If you’ve ever tried your hand at doing any sales or marketing copy, then you know the importance of writing about benefits instead of features. When you’re selling a car with your copy, you’re not really selling a box with four wheels and an engine; instead, you’re selling the benefits of having that specific thing in your prospects’ lives.
Here are a few tips to help you write about benefits more effectively:
- Use persuasive language. Think back to the kinds of writing that have successfully persuaded you in the past. If you have one on hand, bring it up. Chances are, you’ll notice a lot of active verbs with short phrases and memorable rhythm. You’ll see verbs that lean towards positive action and less that imply a negative response.
- Know your prospects. Study your audience and investigate how the product can be genuinely beneficial in their lives. Flesh them out in as detailed a manner as you can, taking into account their backgrounds, future aspirations, and present stature in life.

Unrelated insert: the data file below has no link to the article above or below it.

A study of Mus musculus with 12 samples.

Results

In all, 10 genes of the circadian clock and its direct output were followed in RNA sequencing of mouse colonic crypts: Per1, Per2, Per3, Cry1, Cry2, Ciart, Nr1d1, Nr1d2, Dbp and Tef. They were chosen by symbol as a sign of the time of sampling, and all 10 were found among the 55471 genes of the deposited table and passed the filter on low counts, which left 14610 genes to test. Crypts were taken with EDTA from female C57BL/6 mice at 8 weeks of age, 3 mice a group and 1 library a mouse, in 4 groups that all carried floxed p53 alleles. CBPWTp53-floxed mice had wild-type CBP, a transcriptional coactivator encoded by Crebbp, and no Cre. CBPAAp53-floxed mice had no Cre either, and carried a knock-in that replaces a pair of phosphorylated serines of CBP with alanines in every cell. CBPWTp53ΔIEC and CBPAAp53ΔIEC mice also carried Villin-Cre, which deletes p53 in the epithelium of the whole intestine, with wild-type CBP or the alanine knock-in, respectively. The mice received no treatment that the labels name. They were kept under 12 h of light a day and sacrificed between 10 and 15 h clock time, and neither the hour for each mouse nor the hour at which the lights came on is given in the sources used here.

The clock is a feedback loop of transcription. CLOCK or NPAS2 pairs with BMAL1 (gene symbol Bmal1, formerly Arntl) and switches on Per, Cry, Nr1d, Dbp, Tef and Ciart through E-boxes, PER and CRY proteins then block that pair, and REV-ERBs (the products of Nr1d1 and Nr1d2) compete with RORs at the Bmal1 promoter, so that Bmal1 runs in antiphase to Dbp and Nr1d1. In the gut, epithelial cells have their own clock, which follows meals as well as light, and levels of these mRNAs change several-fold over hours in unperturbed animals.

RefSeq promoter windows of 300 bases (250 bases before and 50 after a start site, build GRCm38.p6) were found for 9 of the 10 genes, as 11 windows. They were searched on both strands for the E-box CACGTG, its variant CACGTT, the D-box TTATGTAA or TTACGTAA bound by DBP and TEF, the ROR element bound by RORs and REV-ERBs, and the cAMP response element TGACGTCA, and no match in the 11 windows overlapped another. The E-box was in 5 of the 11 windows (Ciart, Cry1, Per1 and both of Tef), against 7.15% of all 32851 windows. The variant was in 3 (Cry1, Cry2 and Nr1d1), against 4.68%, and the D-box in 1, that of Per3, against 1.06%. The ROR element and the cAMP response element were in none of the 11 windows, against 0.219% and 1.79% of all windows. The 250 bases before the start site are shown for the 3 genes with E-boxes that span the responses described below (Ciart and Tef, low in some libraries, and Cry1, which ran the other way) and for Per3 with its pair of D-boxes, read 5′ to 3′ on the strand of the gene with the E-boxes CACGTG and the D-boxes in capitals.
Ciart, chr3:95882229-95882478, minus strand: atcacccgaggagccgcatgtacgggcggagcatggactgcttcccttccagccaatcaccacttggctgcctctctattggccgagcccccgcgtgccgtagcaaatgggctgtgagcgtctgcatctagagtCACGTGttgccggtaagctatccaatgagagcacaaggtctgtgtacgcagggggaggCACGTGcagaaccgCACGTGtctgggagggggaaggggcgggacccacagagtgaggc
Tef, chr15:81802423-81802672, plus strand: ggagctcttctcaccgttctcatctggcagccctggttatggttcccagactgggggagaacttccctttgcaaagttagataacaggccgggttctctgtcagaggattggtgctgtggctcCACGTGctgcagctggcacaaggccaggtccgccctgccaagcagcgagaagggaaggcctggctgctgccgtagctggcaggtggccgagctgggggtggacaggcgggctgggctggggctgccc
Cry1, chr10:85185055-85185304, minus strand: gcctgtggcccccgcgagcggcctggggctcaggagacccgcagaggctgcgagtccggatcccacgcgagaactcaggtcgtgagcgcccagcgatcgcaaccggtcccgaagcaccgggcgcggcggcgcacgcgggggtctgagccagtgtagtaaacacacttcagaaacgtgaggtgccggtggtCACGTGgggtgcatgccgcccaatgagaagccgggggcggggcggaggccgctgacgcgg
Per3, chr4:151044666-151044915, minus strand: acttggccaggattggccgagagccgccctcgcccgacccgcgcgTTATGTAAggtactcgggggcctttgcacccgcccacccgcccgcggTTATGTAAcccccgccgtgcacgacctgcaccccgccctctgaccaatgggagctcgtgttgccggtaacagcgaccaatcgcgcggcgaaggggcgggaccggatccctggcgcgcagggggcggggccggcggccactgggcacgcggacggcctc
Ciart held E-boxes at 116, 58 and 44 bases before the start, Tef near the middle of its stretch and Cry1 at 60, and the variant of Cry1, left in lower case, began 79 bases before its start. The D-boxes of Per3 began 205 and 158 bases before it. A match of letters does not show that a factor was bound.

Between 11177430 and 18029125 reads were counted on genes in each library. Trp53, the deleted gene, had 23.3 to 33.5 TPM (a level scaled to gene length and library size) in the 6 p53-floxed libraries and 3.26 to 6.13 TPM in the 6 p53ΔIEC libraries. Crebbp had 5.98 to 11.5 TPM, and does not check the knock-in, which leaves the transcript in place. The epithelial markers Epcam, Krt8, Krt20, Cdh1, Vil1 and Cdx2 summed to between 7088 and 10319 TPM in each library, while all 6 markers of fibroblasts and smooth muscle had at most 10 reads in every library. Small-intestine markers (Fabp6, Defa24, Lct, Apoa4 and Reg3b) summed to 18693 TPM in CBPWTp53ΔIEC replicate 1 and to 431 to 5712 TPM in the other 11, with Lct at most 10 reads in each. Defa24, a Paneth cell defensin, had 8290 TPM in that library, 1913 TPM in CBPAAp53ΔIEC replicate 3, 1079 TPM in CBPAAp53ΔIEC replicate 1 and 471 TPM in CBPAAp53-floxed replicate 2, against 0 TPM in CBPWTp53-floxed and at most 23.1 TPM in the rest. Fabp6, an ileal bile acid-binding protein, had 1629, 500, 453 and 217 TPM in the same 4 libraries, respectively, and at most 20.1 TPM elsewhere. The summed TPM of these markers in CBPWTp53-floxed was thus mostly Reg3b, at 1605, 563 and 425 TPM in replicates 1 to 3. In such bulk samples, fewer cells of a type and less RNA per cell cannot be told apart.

- Play to your prospects’ motivations. What, exactly, drives your prospects to buy the things they buy? What is it they value? This could be a whole gamut of things, from the appearance of prosperity to exclusivity to the feeling of being smarter than others.
- Present the most attractive benefit first. That way, you stir enough interest in the prospect to keep them reading your pitch. Go from the most attractive to the least attractive.
- Don’t list every possible benefit. Instead of focus on 1 to 5 key benefits, depending on how long your pitch is going to be. Yes, one can be enough provided it’s a very attractive lure to the audience you’re aiming to reach.
- Work to condense each benefit into a single sentence. The shorter you can state a benefit, the better. Not only will it be more memorable, it gives you plenty of room in formatting, allowing you to summarize everything later in a list.
- Illustrate the benefits. Don’t just say it, show it. Provide examples and anecdotes that help the readers imagine that benefit coming into their own lives. Narratives make what you’re describing feel more real.
- Encourage the reader to act. Always make a call to action that ties your pitch to the benefit they can realize if only they take that next step. Summarize your benefits, if you have more than one, before calling for action.